Friday, June 18, 2010

Magic to the Bone, by Devon Monk

Magic to the Bone (Allie Beckstrom)
Magic to the Bone is the debut novel in an urban fantasy series by Devon Monk. The heroine, Allie Beckstrom, lives in a world where magic has been harnessed and controlled for use in many ways in which electricity is used to power our lives. Although it's not explicity stated, it seems that magic tends to pool in places where many people congregate, like the big cities, and there are "dead zones" in less populated areas. Most of the action in this novel takes place in Seattle, but Allie does get away a couple of times to her friend Nola's farm near Bend, Oregon, where the magic is thin, at best.

Allie is the daughter of a powerful businessman who has made his fortune in the technology that harnesses the magic for everyday use. She's also a Hound - a person who has the talent to track magical effects back to their originator, which comes in handy when someone misuses magic. When an acquaintance of hers is attacked by magical means, she traces the signature of the magic back to her father, who of course denies any involvement. The next day, her father is murdered by magic, which a number of other Hounds track back to Allie, and the mystery begins.

This book is a little confusing. It jumps right in, and explanations of the fantasy world, its history, and Allie's place in it seem to fall a little haphazardly amongst the events of the novel. To further add to the confusion, one of the prices Allie pays for using her own magic is amnesia, which she attempts to control by writing important things down in a notebook. But, when things get hot and heavy - in the plot and in her personal life - she forgets to write them down, and it causes some odd situations.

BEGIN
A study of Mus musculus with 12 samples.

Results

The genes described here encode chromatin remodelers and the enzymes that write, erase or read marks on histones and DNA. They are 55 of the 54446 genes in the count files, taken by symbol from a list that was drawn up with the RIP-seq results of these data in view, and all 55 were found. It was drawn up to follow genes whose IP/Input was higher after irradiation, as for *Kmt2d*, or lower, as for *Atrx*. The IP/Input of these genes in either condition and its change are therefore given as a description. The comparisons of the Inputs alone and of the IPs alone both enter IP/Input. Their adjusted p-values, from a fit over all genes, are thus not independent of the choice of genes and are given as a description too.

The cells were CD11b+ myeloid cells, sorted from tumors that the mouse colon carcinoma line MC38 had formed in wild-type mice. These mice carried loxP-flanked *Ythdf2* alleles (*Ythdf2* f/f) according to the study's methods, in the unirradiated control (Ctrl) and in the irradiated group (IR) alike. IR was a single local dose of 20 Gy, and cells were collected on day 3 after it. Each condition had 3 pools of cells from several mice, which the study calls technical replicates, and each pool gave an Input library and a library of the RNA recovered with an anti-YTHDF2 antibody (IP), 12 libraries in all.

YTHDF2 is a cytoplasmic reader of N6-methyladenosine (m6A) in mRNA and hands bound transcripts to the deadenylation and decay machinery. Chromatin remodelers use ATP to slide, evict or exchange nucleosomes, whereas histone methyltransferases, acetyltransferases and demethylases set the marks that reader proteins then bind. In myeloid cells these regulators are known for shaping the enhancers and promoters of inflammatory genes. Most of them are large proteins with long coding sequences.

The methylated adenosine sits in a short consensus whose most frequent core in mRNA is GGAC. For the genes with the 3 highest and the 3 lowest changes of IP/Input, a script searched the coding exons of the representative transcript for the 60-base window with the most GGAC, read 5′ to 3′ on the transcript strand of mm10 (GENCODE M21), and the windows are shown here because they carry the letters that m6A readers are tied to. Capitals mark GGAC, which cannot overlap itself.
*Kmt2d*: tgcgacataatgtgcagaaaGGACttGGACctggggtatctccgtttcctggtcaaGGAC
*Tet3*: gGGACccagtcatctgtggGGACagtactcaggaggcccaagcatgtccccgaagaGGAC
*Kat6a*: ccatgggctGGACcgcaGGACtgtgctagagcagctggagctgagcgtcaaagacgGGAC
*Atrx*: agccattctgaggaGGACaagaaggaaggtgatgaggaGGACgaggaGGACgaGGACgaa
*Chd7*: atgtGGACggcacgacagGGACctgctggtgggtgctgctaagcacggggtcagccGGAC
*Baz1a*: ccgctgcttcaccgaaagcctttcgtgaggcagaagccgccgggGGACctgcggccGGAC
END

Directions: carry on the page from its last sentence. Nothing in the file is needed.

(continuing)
For example, her memories of her college days studying magic are pretty sparse, and she believes that she really wasn't very good at learning how to do complex magic. But her friend, Nola, has a totally different slant on those days. Incidentally, one of the things Allie has apparently forgotten is how she came to know Nola, or at least Ms. Monk has failed to inform the reader in this book. Nola mentions in passing that Allie was better at magic than her memories indicate, but it's left as a throwaway comment of sorts, and never thoroughly explored.

Allie seems to have a problem with impulsive behavior where romantic relationships are concerned. In the course of the story, she begins a new one with Zayvion, a rather mysterious fellow who her father hired to follow her around (we don't ever find out why), and who had a previous business relationship with Allie's stepmother, and who may or may not be part of a super secret group of magic policemen. This new love affair yoyos through most of the story, and might continue as the series does.

Interesting premise, interesting characters, and plenty of potential for further adventures. There are several more books in the series already published, which I intend, cautiously, to read.